15 What should we conclude then? Should we sin because we are not under law but under grace? Absolutely not! 16 Do you not know that if you make yourselves available as obedient slaves, you are slaves of the one you obey, either of sin resulting in death, or obedience resulting in righteousness? 17 But thanks be to God that though you were slaves to sin, you obeyed from the heart that systematic teaching you were entrusted to, 18 and after being set free from sin, you became enslaved to righteousness. 19 (I am using normal language because it is what you understand.) Because in the same way that you once made your body parts available as slaves to impurity and anarchy leading to more anarchy, so now make your body parts available as slaves to righteousness leading to sanctification. 20 Because when you were slaves of sin, you were free with regard to righteousness. 21 So what benefit did you then reap from those things that you are now ashamed of? Because the end result of those things is death. 22 But now, freed from sin and enslaved to God, you have your benefit leading to sanctification, and the end result is eternal life. 23 Because the salary of sin is death, but the gift of God is eternal life in Christ Jesus our Lord.
the salary of sin or the salary of God?
Paul continues to address the question as to whether it is appropriate for believers to continue habitually sinning since they have been saved by grace, not obedience. He has already reminded them that when they were baptized, they publically identified with Christ’s death to sin, and then with his resurrection to righteousness. Also, just as they submitted to every part being immersed in the water of baptism, so they should now surrender daily every part to God for righteous living.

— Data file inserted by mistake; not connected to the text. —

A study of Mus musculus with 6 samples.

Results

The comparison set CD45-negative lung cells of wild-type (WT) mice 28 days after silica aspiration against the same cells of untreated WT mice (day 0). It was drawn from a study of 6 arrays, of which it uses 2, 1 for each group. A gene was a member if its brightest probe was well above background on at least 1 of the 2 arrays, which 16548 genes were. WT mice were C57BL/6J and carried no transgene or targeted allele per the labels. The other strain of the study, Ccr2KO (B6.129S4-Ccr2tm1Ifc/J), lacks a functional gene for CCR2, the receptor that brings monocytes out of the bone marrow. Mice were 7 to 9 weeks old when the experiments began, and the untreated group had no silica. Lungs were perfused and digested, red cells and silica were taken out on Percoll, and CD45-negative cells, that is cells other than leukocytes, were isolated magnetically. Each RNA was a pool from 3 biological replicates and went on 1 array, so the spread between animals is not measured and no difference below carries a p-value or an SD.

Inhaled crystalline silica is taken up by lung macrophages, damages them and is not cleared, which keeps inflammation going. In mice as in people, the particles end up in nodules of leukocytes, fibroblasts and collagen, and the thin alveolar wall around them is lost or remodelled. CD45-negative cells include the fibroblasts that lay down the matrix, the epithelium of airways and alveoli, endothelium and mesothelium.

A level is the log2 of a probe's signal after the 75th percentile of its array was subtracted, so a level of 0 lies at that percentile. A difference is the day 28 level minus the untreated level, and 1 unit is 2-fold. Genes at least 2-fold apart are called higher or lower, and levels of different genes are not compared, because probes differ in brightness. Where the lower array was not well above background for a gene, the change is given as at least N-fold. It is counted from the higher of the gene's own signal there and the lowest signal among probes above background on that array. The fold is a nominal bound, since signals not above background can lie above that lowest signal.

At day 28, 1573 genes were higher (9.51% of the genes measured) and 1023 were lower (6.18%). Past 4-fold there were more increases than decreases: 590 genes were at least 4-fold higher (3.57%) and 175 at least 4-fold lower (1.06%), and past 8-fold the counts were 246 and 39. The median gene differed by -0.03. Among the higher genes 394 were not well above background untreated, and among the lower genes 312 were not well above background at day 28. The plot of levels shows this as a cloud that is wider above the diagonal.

Now, Paul takes a slightly different approach. He reminds them that they are slaves to the one they obey. Most of us today are used to thinking of slavery itself as a great sin, so we might miss Paul’s point. Paul was speaking of voluntary indentured servanthood. It is an employment arrangement, where a person agrees to become another person’s servant in exchange for a regular salary and other benefits.
We are already doomed to die because of our ancestor’s sin. We know mortality because of that salary of sin, which must be paid out, and we see tombstones everywhere as reminders of that ongoing transaction.
But Paul tells us of another option. We can live forever by putting our faith in Christ, and living out that faith through surrender to his righteousness. The present benefit of that arrangement is an ongoing process of sanctification. The future benefit (or end result) is the gift of eternal life which the LORD has added to the arrangement by his grace.
So, Paul argues against believers living in continual sin because such lives make it impossible for our commitment to be real.
LORD, make us people committed to one master, consistently drawing upon your power for righteous living as a demonstration of our faith in Christ.